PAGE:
After a bone marrow donation from a stranger helped him overcome a bout with leukemia, James Chippendale produced a documentary to raise awareness of the condition, reports the Dallas Morning News.
Chippendale, a native of Plano, Texas, was diagnosed with an aggressive form of leukemia several years ago. He was able to survive, however, thanks to a donation from Klaus Kaiser, who lives in a small village in Germany.
This donation inspired Chippendale to produce “More to Live For,” a documentary about the matching process between cancer victims and potential donors. The film features three men affected by this link – one who survived, one who did not and one who is still looking for a match.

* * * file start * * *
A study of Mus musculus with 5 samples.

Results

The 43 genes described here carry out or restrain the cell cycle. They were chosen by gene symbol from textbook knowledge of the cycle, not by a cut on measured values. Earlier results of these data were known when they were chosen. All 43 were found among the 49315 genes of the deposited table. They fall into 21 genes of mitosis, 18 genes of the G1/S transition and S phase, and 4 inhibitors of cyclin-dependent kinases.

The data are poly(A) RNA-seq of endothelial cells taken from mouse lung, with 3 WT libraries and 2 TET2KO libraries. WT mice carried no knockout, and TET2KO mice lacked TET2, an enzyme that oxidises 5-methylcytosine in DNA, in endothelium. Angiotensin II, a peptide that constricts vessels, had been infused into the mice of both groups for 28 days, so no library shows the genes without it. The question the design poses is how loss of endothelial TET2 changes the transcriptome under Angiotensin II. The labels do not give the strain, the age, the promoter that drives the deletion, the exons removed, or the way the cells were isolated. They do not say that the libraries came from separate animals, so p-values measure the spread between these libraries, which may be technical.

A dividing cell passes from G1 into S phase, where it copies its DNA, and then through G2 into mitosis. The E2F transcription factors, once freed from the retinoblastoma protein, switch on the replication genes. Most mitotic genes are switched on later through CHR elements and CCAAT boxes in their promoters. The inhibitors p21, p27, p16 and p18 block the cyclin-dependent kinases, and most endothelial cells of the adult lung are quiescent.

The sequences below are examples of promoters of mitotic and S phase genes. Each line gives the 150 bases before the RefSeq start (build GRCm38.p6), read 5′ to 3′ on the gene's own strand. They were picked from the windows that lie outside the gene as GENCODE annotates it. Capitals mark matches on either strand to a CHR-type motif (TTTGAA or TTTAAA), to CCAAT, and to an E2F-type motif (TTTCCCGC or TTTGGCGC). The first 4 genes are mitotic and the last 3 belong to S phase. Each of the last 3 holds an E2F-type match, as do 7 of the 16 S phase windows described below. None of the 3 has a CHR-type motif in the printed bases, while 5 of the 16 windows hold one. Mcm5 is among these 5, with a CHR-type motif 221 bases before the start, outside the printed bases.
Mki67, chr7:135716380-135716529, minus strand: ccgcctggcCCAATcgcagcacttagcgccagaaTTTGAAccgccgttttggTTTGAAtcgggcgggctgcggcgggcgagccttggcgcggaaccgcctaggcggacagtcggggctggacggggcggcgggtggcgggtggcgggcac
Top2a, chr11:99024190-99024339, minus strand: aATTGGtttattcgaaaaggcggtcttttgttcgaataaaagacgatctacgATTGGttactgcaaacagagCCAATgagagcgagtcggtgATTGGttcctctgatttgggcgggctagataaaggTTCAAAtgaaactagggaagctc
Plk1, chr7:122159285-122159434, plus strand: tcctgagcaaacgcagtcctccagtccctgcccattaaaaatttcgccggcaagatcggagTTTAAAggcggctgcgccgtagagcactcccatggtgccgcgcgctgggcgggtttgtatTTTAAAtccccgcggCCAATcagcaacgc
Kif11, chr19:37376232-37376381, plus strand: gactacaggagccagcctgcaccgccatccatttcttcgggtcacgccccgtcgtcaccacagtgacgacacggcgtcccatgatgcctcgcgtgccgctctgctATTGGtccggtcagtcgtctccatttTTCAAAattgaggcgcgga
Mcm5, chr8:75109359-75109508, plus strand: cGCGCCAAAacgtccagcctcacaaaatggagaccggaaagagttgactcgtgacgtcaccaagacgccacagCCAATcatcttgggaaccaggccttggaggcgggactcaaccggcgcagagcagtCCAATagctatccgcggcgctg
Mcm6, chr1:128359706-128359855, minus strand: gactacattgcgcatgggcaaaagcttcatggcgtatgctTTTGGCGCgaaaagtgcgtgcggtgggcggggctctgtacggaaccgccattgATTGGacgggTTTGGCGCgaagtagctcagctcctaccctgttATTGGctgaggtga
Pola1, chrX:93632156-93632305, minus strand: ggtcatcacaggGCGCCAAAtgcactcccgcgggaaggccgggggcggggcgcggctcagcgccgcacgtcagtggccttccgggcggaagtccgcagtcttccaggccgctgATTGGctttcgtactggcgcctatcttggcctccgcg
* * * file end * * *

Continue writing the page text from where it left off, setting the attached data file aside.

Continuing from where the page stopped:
Following a screening of the documentary at the Dallas International Film Festival, a charity founded by Chippendale used cheek swabs to help add attendees to the donor database. Susan Brecker, a woman whose late husband Michael was featured in the movie, said that the event was what she had wanted for her husband before his death.
“Klaus Kaiser stopped to donate and saved me,” Chippendale said. “I started a charity where people swabbed cheeks and they saved people. And who knows what those people have done. It’s one life at a time.”
According to the Centers for Disease Control and Prevention, 33,616 people in the United States were diagnosed with leukemia in 2005, with 21,716 Americans dying from the disease that same year.
People who have been diagnosed with leukemia can contact the Leukemia and Lymphoma Society for resources that will help them thrive despite their illness.